UM in the Post-Prop 2 Period: Reasons to Be Happy
Pre-Proposal 2 Data for University of Michigan (Last column is national data):
The Michigan Daily -- Underrepresented minorities, which the University defines as black, Hispanic or Native American, will make up 10.5% of the Class of 2012. The class from the previous year was comprised of 10.8% underrepresented minority students. The Class of 2011 were admitted during an election cycle place partially after the affirmative action ban took effect. The Class of 2010, the last to be chosen prior to the ban, was made up of 12.6% underrepresented minorities.
Ted Spencer, associate vice provost and executive director of undergraduate admissions, said the number of minority applicants and enrolled students for this year was good, "relative to the fact that we were working under the constraints of the proposition." "We're not happy where we are," Spencer said.
MP: The chart above show UM data (last column is national data) during the pre-Proposal 2 (which ended race-preferences for admission to UM) period, suggesting a possible mismatch between the abilities of underrepresented minority students admitted under affirmative action, and the academic environment at UM.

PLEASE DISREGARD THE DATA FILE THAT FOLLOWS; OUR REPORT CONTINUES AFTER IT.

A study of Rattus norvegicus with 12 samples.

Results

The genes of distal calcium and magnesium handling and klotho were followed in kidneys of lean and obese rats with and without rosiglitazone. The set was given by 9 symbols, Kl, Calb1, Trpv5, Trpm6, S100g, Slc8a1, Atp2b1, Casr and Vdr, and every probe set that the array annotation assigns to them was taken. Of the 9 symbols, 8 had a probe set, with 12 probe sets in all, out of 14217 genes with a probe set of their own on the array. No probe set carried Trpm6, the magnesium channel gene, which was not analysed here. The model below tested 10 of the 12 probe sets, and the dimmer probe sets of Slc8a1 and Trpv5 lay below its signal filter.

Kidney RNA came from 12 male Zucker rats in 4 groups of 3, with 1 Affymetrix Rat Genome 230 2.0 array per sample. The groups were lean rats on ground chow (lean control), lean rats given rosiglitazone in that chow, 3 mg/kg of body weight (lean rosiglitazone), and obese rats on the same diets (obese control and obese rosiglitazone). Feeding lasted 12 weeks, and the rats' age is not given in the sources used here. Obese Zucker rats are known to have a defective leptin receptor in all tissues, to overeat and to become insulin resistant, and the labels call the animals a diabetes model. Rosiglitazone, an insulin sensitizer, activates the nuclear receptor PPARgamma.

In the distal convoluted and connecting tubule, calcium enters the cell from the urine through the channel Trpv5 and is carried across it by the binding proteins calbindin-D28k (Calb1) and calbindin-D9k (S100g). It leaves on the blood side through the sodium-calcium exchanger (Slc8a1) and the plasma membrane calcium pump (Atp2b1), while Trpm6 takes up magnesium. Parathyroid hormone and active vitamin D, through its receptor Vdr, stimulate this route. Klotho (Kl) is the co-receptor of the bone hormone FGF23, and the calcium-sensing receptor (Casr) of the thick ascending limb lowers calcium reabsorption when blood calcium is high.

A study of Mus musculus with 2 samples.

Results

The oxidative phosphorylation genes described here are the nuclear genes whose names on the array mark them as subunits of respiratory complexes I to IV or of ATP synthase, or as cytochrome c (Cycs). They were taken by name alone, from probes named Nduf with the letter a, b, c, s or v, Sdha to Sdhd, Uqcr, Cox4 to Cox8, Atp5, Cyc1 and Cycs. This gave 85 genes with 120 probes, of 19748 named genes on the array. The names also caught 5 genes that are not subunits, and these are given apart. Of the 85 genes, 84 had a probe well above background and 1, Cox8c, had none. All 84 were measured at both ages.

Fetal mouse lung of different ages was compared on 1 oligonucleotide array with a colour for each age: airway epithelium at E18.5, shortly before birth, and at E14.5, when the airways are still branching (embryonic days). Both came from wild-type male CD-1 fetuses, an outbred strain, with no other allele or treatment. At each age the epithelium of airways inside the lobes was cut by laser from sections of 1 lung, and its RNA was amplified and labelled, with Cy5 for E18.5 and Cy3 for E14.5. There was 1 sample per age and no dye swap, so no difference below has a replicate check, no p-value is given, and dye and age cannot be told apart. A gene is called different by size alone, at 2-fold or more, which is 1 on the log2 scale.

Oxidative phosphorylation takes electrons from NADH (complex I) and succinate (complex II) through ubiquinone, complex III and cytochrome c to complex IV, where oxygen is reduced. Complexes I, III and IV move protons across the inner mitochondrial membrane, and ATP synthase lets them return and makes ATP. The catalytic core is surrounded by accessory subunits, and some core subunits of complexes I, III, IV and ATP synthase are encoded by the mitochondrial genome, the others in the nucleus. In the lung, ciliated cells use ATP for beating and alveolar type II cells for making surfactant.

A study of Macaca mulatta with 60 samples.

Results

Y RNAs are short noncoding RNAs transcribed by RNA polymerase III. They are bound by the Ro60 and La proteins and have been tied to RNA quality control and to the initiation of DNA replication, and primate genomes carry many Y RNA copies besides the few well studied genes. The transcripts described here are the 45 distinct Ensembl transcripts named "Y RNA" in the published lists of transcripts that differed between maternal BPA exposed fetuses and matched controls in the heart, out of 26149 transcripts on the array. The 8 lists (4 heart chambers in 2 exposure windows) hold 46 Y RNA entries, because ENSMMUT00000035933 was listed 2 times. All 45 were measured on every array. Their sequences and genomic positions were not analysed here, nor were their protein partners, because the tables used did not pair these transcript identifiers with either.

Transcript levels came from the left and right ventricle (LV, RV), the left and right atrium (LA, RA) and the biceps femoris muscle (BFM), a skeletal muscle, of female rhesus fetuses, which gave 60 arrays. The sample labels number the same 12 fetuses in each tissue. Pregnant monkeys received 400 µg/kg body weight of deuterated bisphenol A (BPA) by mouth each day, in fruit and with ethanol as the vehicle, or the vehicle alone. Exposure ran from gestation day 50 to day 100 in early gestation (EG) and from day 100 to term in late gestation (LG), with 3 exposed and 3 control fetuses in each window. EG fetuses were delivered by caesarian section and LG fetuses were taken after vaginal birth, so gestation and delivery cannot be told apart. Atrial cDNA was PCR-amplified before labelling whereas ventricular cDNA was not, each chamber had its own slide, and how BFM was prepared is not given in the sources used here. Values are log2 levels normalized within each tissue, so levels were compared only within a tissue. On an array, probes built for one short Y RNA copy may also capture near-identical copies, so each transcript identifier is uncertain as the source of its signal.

A black student with a 3.2 high school GPA and 1210 SAT score used to have a 92% chance of admission to UM vs. only a 14% chance for a white student, a ratio of 6.5 to 1. However, once admitted, black students were almost 6 times as likely as white students to be on academic probation at UM (45% vs. 8%), and 10 times less likely to be admitted to the Honors Program (1% vs. 10%). Black students were also graduating from UM with overall GPAs equivalent to a C+/B- letter grade (GPA = 2.63) compared to the A-/B+ (GPA = 3.34) outcome for white students. And if the graduation pattern at UM was consistent with national patterns, fewer than 4 out of 10 black students were graduating within 6 years, compared to almost 6 out of 10 white students.
So here's what UM should be pretty happy about: Relative to the pre-Proposal 2 period, underrepresented minority students now admitted to UM without race-based preferences will: a) be attending an academic institution better matched with their academic qualifications, and will have a better chance of: b) graduating on time with a higher GPA, c) qualifying for the Honors Program at a higher rate, and d) not being on academic probation.